Have you ever wondered how to pronounce the letter S in French? The letter S has 2 pronunciations in the middle of a word and there are rules around this. In this article, you’ll learn how to pronounce the letter S between two vowels in French. You’ll also discover words that have similar spellings but different meanings. A single S or a double SS can change the meaning of a word!
How to pronounce S in the middle of a word?
Master Your French blog covers a wide range of topics related to French pronunciation, listening, culture, and much more. Among many articles, you can learn about French silent letters such as the silent h.
This article is about the specific case when the letter S is between two vowels. To learn more about this topic check the guide to Silent Letters in French.
Watch the right way to pronounce S in French
Cousin vs. Coussin
Désert vs. Dessert
Another pair of words in French that have their spelling similar is “désert” and “dessert”. The word “désert” means the desert. As for “dessert” it means dessert in English.
Let’s take the sentence: “Je mange un dessert dans le désert” (I eat a dessert in the desert). You can spot the two words “dessert” and “désert ” in this sentence.
In terms of pronunciation, the S in the word “désert” is pronounced as a /z/ sound because the letter S is between two vowels (e).
On the other hand, “dessert” has a double SS which results the phonetic sound /s/.
Ruse vs. Russe
The word “ruse” in French refers to cunning, a cunning fox. If we take the word “Russe”, which means Russian, it is clear that both words are similar in terms of spelling.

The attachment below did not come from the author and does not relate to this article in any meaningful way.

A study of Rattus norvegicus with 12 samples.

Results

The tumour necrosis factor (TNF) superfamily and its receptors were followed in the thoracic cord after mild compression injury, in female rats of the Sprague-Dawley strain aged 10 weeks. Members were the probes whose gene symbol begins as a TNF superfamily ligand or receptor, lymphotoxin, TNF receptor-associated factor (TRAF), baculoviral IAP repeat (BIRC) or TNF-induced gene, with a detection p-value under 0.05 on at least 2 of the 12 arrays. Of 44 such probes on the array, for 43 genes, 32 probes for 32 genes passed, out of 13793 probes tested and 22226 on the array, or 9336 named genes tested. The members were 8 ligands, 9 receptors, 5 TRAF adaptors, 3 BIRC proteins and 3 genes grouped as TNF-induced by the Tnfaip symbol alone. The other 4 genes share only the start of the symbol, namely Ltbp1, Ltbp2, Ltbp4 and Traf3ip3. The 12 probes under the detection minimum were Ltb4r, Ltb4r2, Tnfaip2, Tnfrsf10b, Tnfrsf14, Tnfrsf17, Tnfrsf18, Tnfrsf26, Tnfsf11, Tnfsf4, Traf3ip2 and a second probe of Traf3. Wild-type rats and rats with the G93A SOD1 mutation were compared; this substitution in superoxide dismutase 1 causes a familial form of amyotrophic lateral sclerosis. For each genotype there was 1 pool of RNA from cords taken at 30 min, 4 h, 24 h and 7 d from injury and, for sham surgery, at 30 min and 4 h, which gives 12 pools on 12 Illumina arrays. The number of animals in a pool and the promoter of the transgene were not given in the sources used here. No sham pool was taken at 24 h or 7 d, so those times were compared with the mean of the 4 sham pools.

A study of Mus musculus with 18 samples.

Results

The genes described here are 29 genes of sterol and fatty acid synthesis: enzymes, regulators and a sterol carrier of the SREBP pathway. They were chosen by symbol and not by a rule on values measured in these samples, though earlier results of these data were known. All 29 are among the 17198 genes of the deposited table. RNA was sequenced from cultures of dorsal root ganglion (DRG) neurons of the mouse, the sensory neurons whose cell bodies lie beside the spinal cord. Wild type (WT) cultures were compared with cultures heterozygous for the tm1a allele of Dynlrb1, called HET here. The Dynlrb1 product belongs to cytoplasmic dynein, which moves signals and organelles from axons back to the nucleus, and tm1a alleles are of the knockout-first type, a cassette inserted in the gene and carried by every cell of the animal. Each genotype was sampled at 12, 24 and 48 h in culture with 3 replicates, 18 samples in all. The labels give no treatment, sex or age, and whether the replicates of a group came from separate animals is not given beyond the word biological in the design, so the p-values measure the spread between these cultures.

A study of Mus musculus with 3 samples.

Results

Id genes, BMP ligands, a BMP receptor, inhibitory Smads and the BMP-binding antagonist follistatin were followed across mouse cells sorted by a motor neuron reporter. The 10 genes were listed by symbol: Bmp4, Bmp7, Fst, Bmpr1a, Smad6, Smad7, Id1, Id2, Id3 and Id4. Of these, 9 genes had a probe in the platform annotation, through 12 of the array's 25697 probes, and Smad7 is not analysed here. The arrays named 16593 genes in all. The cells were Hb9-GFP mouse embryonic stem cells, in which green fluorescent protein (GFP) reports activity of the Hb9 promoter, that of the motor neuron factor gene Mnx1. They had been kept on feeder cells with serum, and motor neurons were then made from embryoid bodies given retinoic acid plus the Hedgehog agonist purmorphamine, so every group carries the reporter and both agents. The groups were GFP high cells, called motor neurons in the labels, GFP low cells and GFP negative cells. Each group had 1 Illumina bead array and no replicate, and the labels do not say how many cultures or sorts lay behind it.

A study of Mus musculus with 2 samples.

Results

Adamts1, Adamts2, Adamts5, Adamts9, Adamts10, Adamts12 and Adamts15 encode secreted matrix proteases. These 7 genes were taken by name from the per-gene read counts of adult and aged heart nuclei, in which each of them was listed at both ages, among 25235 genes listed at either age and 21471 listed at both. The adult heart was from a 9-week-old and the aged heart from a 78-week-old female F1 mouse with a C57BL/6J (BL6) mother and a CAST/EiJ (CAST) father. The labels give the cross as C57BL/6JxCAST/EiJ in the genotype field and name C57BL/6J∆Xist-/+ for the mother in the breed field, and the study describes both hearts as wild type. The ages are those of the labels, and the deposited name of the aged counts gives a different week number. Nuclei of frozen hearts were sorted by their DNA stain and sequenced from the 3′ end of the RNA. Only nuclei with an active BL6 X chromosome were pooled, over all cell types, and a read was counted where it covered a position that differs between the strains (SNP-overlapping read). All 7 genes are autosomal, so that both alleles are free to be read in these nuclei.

Here is one sentence that has both words: Ce Russe ruse (this cunning Russian). This is another situation where the letter S in “ruse” is between two vowels, the U and the E.
The word “Russe” has a double SS which means that the pronunciation of “Russe” is with the sound /s/. Of course, “ruse” is pronounced with the sound /z/.
Poison vs. Poisson
Let’s now take a well-known example with the words “poisson” and “poison”. While the word “poisson” means fish, the word “poison” also means poison in English.
The only difference between “poisson” and “poison” is that the former word has a double SS while the latter has a single S. As we saw in the previous example, whenever a S is between two vowels it must be pronounced as /z/. This is the case of “poison”. In order to make a /s/ sound, a word should have a double SS. It is the case of the word “poisson”. So be sure to write “poisson” with a double SS, otherwise you’ll be referring to poison!
Lisent vs. Lissent
A last example in which a single s between two vowels is pronounced /z/ is the word “lisent”:
- The word “lisent” is the French verb “lire” (to read) conjugated to the present tense in plural.
- “Lisent” is very close in terms of spelling to “Lissent” which means to smooth in English.
Now, you know that “lisent” is pronounced with /z/ while “lissent” is pronounced with the sound /s/.
Pronunciation and exceptions with the letter S
There are some words that are written with a single S but are pronounced with the sound /s/. Let’s see some of these exceptions.
Exception 1: After the prefix "R"
The word “resaler” has a single S but this s is pronounced as /s/ (not as /z/). Resaler means to add more salt.
Exception 2: After the prefix "A"
“Asymétrie” is pronounced with an /s/ regardless of having the letter S between two vowels. Asymmetry is the meaning of “asymétrie” in English.
Exception 3: After the prefix "Para"
After the prefix “para”, the letter S is pronounced as /s/ even if it is located between two vowels. Here is one example “parasol” (beach umbrella).